Matt Gemmell recently blogged about his array of writing tools. While my selection is somewhat smaller, I thought it was still worth writing about the tools that I use.
I keep a list of writing ideas in my notebook. During the weekend I pick out what I want to write about and do a quick outline of the article in my notebook.
Once I have an outline for some posts, I enter them into
Pop. This is a minimal text editor for iOS that lets you write and copy what you have written. That's it. No saving of files, sharing or syncing. It is everything that many apps dread to be: featureless. This is where Pop excels though. A minimal interface means that I can just open the app and get on with writing. I tend to use Pop when I'm out and about. For jotting ideas down or expanding on my initial outlines, it's hard to beat. You just open and write.
If I'm at home I tend to use
Plaintext on my iPad. It has a similar minimal user interface to Pop but also includes syncing to your Dropbox. At this point I liked to have a hard copy of my writing, so that I can have it available on my laptop.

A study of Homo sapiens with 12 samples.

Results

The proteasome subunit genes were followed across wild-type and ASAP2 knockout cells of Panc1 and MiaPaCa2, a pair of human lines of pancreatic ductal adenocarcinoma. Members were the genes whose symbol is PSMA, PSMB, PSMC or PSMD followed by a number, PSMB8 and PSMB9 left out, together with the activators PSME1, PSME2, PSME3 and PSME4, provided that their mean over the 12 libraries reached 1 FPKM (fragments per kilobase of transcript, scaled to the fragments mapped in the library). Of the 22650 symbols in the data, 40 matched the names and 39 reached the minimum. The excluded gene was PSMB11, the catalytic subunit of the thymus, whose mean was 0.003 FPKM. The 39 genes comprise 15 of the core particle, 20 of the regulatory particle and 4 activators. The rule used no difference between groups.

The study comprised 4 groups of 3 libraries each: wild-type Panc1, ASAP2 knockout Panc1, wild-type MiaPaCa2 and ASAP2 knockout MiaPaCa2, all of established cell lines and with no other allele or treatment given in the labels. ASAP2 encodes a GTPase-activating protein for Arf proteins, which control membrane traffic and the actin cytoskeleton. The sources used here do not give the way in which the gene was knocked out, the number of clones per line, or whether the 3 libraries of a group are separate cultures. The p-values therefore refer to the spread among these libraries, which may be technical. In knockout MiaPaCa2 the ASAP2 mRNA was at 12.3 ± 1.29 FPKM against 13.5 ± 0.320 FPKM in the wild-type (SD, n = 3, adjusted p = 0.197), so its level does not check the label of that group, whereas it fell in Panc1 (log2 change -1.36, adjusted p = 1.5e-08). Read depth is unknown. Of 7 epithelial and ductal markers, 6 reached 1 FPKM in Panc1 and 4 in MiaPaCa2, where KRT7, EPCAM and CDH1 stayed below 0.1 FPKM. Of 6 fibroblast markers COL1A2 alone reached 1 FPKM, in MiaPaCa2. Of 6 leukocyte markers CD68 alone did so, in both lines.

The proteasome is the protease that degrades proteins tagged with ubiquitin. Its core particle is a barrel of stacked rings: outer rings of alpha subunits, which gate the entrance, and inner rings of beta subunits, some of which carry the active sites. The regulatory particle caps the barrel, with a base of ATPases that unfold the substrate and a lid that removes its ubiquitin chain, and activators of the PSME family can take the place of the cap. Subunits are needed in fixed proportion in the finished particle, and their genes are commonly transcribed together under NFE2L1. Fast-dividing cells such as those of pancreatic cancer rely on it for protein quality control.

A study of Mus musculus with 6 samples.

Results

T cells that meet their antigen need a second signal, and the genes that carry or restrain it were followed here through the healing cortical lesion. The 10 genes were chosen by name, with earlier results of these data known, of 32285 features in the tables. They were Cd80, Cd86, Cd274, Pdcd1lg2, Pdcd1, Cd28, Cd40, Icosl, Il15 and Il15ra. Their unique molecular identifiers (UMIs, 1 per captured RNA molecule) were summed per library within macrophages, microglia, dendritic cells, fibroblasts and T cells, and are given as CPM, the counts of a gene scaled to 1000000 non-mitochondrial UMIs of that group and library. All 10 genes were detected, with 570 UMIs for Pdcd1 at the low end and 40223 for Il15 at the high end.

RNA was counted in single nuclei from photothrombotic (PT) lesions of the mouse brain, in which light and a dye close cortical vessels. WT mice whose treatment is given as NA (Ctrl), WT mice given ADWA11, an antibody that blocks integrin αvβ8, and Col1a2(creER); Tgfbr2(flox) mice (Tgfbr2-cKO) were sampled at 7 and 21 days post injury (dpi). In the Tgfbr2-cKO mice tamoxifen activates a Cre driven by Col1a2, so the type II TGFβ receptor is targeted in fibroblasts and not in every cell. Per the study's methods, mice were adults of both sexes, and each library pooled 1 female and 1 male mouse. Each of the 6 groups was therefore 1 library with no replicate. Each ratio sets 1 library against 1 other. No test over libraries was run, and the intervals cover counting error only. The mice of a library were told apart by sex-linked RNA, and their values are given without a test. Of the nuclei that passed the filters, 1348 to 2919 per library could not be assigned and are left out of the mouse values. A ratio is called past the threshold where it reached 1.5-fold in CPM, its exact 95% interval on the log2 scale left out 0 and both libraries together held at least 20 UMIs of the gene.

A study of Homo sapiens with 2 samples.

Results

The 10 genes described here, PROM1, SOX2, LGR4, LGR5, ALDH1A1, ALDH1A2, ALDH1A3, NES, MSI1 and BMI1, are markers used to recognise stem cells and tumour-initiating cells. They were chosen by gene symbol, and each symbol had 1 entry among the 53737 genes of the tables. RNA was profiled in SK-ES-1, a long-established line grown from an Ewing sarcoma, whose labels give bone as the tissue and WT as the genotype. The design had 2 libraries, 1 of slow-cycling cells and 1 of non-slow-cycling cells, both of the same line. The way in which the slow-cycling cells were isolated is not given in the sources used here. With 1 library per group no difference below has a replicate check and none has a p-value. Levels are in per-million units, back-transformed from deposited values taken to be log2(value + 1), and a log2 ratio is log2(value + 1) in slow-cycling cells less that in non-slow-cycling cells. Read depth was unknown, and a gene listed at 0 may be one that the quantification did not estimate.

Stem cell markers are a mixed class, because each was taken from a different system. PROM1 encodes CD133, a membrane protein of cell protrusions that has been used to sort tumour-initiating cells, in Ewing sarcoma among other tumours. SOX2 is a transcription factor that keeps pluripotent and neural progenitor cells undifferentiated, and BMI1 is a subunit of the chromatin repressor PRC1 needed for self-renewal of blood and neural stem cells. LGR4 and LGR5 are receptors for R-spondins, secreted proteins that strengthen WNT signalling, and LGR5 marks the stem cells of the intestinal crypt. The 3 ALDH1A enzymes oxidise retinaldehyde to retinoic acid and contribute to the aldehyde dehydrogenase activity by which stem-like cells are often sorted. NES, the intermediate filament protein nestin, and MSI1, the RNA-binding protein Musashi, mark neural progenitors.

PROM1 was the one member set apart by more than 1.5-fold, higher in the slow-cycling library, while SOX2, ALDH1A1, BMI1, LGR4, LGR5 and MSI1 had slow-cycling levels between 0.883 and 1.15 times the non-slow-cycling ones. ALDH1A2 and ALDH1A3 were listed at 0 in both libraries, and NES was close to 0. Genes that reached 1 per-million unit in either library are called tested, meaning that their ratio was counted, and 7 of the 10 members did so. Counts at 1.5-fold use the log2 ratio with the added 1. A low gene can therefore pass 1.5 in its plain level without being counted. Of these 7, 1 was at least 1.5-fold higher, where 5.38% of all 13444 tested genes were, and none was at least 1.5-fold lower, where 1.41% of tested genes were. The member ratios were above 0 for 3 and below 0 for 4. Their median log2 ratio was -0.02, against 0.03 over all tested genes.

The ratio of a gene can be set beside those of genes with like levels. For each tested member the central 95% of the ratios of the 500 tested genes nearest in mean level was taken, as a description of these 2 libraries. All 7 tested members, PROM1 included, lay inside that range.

Mou. I tend to do final edits and drafts with Mou as well as use it for composing emails and writing guides. Mou has some nice features like split views, word counts and of course it's a Markdown editor, so I can add headings, lists and hyperlinks easily.
I'm also looking at
Scrivener for longer forms of writing such as short stories and novels. I've already done Nanowrimo once and would love to do it again this year.
I initially tried to use web based writing tools for a while there, but the simplicity of native applications like the ones I have mentioned are hard to beat.